QWOP, a game that is guaranteed to make you throw your computer out the window and smash everything in your room. Please do not hate us and try to beat our record of -1.3m. Tortured yourself enough with this? Play ASKL instead. You can discuss the game here! Good luck, you will need it. Also, watch the walkthrough videos, as they may help you.
|Engine||Adobe Flash, HTML5|
QWOP (/kwɒp/) is a 2008 ragdoll-basedbrowservideo game created by Bennett Foddy, formerly the bassist of Cut Copy. Players control an athlete named 'Qwop' using only the Q, W, O, and P keys. A couple of years after the game was released on the internet, the game became an internet meme after its outbreak in December 2010. The game helped Foddy's site (Foddy.net) reach 30 million hits.
QWOP was originally created in November 2008 by Bennett Foddy for his site Foddy.net, when Foddy was a Deputy Director and Senior Research Fellow of the Programme on the Ethics of the New Biosciences, The Oxford Martin School, part of the University of Oxford. He taught himself to make games while he was procrastinating from finishing his dissertation in philosophy. Foddy had been playing games ever since he got his first computer (a ZX Spectrum 48K) at age 5. Foddy stated:
“One of the things I found with QWOP is that people like to set their own goals in a game. Some people would feel like winners if they ran 5 meters, and others would feel like winners if they inched all the way along the track over the course of an hour. If I had put a social leaderboard or par system in, those people would probably have all quit out of frustration, leaving only the most determined or masochistic players behind.'
Players play as an athlete named 'Qwop', who is participating in a 100-meter event at the Olympic Games. Using only the Q, W, O and P keys, players must control the movement of the athlete's legs to make the character move forward while trying to avoid falling over. The Q and W keys each drive one of the runner's thighs, while the O and P keys work the runner's calves. The Q key drives the runner's right thigh forward and left thigh backward, and the W key also affects the thighs and does the opposite. The O and P keys work in the same way as the Q and W keys, but with the runner's calves. The actual amount of movement of a joint is affected by the resistance due to forces from gravity and inertia placed upon it.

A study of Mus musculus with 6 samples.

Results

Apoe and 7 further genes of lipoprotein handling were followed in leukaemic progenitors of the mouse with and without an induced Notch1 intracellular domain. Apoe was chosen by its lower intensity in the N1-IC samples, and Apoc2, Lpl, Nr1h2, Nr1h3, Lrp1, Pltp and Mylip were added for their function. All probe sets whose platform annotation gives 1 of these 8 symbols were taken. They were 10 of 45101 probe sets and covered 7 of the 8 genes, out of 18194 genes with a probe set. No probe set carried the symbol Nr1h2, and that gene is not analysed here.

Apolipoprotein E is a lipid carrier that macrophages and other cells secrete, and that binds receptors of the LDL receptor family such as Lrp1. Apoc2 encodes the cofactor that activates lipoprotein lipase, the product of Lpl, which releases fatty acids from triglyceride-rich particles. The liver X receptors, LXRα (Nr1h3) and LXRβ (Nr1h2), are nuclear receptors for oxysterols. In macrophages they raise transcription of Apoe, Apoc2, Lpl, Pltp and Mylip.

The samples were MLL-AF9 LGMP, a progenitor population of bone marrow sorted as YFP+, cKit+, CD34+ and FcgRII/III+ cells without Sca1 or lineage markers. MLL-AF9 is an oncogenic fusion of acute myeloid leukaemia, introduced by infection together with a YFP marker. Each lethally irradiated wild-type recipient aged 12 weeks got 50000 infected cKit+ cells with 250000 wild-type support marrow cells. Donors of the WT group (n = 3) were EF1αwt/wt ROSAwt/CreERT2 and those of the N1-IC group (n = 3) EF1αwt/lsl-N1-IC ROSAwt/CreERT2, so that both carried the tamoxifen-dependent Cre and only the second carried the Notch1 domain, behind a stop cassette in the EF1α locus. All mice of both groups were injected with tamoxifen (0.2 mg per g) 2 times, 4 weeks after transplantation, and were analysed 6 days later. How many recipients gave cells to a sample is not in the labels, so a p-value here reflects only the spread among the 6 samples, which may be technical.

Though the objective of QWOP is simple, the game, ever since it was released, has been notorious for being difficult to master due to its controls with the Q, W, O and P keys. Foddy says that he gets a lot of hate mail for making QWOP. Despite the criticism for the game's difficulty due to the controls, the game helped Foddy's site reach 30 million hits, according to Wired Magazine, and, also ever since the game was released, has been played by millions of people, although numbers have declined.
On July 27, 2011, QWOP was featured at the Museum of Modern Art in New York City and was part of an event called “Arcade” hosted by the video game art and culture company Kill Screen.
The Guinness World Records awarded Chintamani, Karnataka resident Roshan Ramachandra for doing the fastest 100m run on the game on April 10, 2013, doing it in 51 seconds.
QWOP appeared on the season 9 premiere of the American sitcom The Office.
An iPhone app of the game was released in 2011. The App version follows the same gameplay as with the original version, but the controls differ. The player controls QWOP's legs and arms by moving their thumbs around in the diamonds on the screen.Kotaku called the iPhone version '4000 Percent More Impossible' than the original game and 'An Olympic Challenge For Thumbs'.
A 2-player multiplayer version of QWOP named 2QWOP was also released in February 2012, after being featured at an event in Austin named 'The Foddy Winter Olympics' displaying a selection of Bennett Foddy's games. This version places the game in vertical splitscreen, automatically assigning one player's thighs and calves to the Q, W, E, and R keys, while the other player uses the U, I, O, and P keys.